He stopped working a little after three and walked to a small shed that sat near his dock. He went in, found his fishing pole, a couple of lures and some live crickets he kept on hand, then walked out to the dock, baited his hook and cast his line.
Fishing always made him reflect on his life, and he did so now. After his mother died he could remember spending his days in a dozen different homes. For one reason or another, he stuttered badly as a child and was teased for it. He began to speak less and less, and by the age of five he wouldn’t speak at all. When he started classes, his teachers thought he was retarded and recommended that he be pulled out of school.
Instead, his father took matters into his own hands. He kept him in school and afterwards made him come to the timber yard where he worked, to haul and stack wood. “It’s good that we spend some time together,” he would say as they worked side-by-side, “just like my daddy and I did.”
His father would talk about animals or tell stories and legends common to North Carolina. Within a few months Noah was speaking again, though not well, and his father decided to teach him to read with books of poetry. “Learn to read this aloud and you’ll be able to say anything you want to.” His father had been right again, and by the following year Noah had lost his stutter. But he continued to go to the timber yard every day simply because his father was there, and in the evenings he would read the works of Whitman and Tennyson aloud as his father rocked beside him. He had been reading poetry ever since.
When he got a little older he spent most of his weekends and vacations alone. He explored the Croatan forest in his first canoe, following Brices Creek for twenty miles until he could go no further, then hiked the remaining miles to the coast. Camping and exploring became his passion, and he spent hours in the forest, whistling quietly and playing his guitar for beavers and geese and wild blue herons. Poets knew that isolation in nature, far from people and things man-made, was good for the soul, and he’d always identified with poets.
Although he was quiet, years of heavy lifting at the timber yard helped him excel in sports, and his athletic success led to popularity. He enjoyed the football and track meets, and, though most of his teammates spent their free time together as well, he rarely joined them. He had a few girlfriends in school but none had ever made an impression on him. Except for one. And she came after graduation.
Allie. His Allie.
He remembered talking to Fin about Allie after they left the festival that first night, and Fin had laughed. Then he’d made two predictions: first that they would fall in love, and second that it wouldn’t work out.
There was a slight tug at his line and Noah hoped for a large-mouth bass, but the tugging eventually stopped and, after reeling his line in and checking the bait, he cast again.
Fin ended up being right on both counts. Most of the summer she had to make excuses to her parents whenever they wanted to see each other. It wasn’t that they didn’t like him-it was that he was from a different class, too poor, and they would never approve if their daughter became serious with someone like him. “I don’t care what my parents think, I love you and always will,” she would say. “We’ll find a way to be together.”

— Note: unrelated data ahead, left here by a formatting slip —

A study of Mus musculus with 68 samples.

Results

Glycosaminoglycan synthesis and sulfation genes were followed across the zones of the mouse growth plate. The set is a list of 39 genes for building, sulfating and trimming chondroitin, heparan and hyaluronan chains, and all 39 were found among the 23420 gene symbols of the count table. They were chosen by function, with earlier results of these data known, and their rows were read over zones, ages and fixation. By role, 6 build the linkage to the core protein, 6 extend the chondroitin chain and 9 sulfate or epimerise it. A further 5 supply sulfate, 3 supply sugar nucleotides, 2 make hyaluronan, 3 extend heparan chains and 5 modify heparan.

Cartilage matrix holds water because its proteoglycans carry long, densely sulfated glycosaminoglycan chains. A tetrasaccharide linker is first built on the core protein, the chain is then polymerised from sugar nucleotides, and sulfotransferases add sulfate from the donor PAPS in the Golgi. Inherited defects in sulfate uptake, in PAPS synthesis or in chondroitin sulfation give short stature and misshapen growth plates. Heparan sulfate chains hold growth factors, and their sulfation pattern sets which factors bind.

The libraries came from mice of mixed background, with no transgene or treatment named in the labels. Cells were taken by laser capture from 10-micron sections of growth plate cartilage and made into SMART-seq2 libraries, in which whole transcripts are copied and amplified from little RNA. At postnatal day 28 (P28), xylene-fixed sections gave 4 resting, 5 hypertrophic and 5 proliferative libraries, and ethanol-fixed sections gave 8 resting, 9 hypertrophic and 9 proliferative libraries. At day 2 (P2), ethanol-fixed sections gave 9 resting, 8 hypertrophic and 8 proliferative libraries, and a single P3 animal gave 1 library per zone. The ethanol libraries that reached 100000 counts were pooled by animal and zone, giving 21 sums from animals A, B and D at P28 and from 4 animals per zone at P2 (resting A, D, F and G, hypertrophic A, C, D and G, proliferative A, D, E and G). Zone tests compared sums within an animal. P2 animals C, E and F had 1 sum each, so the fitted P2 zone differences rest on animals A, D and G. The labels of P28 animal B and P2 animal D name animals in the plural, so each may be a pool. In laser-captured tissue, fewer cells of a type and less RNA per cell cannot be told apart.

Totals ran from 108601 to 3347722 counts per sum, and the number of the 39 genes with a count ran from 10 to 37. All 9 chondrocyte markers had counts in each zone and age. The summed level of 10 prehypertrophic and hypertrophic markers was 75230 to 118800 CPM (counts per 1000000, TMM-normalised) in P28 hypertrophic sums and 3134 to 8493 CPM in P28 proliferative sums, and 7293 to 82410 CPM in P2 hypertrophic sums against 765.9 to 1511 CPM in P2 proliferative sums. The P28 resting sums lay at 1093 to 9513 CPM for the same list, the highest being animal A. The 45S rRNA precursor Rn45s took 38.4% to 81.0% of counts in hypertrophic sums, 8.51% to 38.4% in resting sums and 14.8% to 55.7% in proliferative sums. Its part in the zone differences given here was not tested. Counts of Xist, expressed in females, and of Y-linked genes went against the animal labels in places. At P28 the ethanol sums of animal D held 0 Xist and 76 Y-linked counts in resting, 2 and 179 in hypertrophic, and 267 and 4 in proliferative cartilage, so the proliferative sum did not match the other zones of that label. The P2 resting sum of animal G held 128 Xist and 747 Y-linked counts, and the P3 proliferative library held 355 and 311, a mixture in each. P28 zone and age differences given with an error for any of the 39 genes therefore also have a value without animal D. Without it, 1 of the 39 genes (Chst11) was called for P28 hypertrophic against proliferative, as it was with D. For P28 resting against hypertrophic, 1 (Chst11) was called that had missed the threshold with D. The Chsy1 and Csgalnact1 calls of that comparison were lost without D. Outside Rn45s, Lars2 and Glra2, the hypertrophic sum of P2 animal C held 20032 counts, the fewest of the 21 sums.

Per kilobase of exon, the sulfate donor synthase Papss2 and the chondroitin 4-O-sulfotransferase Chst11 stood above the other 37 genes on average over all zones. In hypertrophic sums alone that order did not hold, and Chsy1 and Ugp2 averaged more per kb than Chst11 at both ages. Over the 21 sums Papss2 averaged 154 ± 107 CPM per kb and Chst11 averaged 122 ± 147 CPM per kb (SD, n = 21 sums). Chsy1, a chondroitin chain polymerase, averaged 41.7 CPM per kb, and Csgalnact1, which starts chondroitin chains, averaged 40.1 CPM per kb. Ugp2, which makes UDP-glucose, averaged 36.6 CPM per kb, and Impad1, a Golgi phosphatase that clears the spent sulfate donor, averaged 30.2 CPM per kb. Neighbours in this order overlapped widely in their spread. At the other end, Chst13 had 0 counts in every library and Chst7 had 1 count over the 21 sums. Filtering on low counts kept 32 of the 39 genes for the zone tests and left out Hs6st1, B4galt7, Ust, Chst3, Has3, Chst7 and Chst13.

But in the end they couldn’t. By early September the tobacco had been harvested and she had no choice but to return with her family to Winston-Salem. “Only the summer is over, Allie, not us,” he’d said the morning she left. “We’ll never be over.” But they were. For a reason he didn’t understand, the letters he wrote went unanswered.
He decided to leave New Bern to help get her off his mind, and also because the Depression made earning a living in New Bern almost impossible. He went first to Norfolk and worked at a shipyard for six months before he was laid off, then moved to New Jersey because he’d heard the economy wasn’t so bad there.
He found a job in a scrap yard, separating scrap metal from everything else. The owner, a Jewish man named Morris Goldman, was intent on collecting as much scrap metal as he could, convinced that a war was going to start in Europe and that America would be dragged in again. Noah didn’t care. He was just happy to have a job.
He worked hard. Not only did it help him keep his mind off Allie during the day, but it was something he felt he had to do. His daddy had always said: “Give a day’s work for a day’s pay. Anything less is stealing.” That attitude pleased his boss. “It’s a shame you aren’t Jewish,” Goldman would say, “you’re such a fine boy in so many other ways.” It was the best compliment Goldman could give.
He continued to think about Allie at night. He wrote to her once a month but never received a reply. Eventually he wrote one final letter and forced himself to accept the fact that the summer they’d spent with one another was the only thing they’d ever share.
Still, though, she stayed with him. Three years after the last letter, he went to Winston-Salem in the hope of finding her. He went to her house, discovered that she had moved and, after talking to some neighbours, finally called her father’s firm. The girl who answered was new and didn’t recognize the name, but she poked around the personnel files for him. She found out that Allie’s father had left the company and that no forwarding address was listed. That was the first and last time he ever looked for her.
For the next eight years he worked for Goldman. As the years dragged on, the company grew and he was promoted. By 1940 he had mastered the business and was running the entire operation, brokering the deals and managing a staff of thirty. The yard had become the largest scrap-metal dealer on the east coast.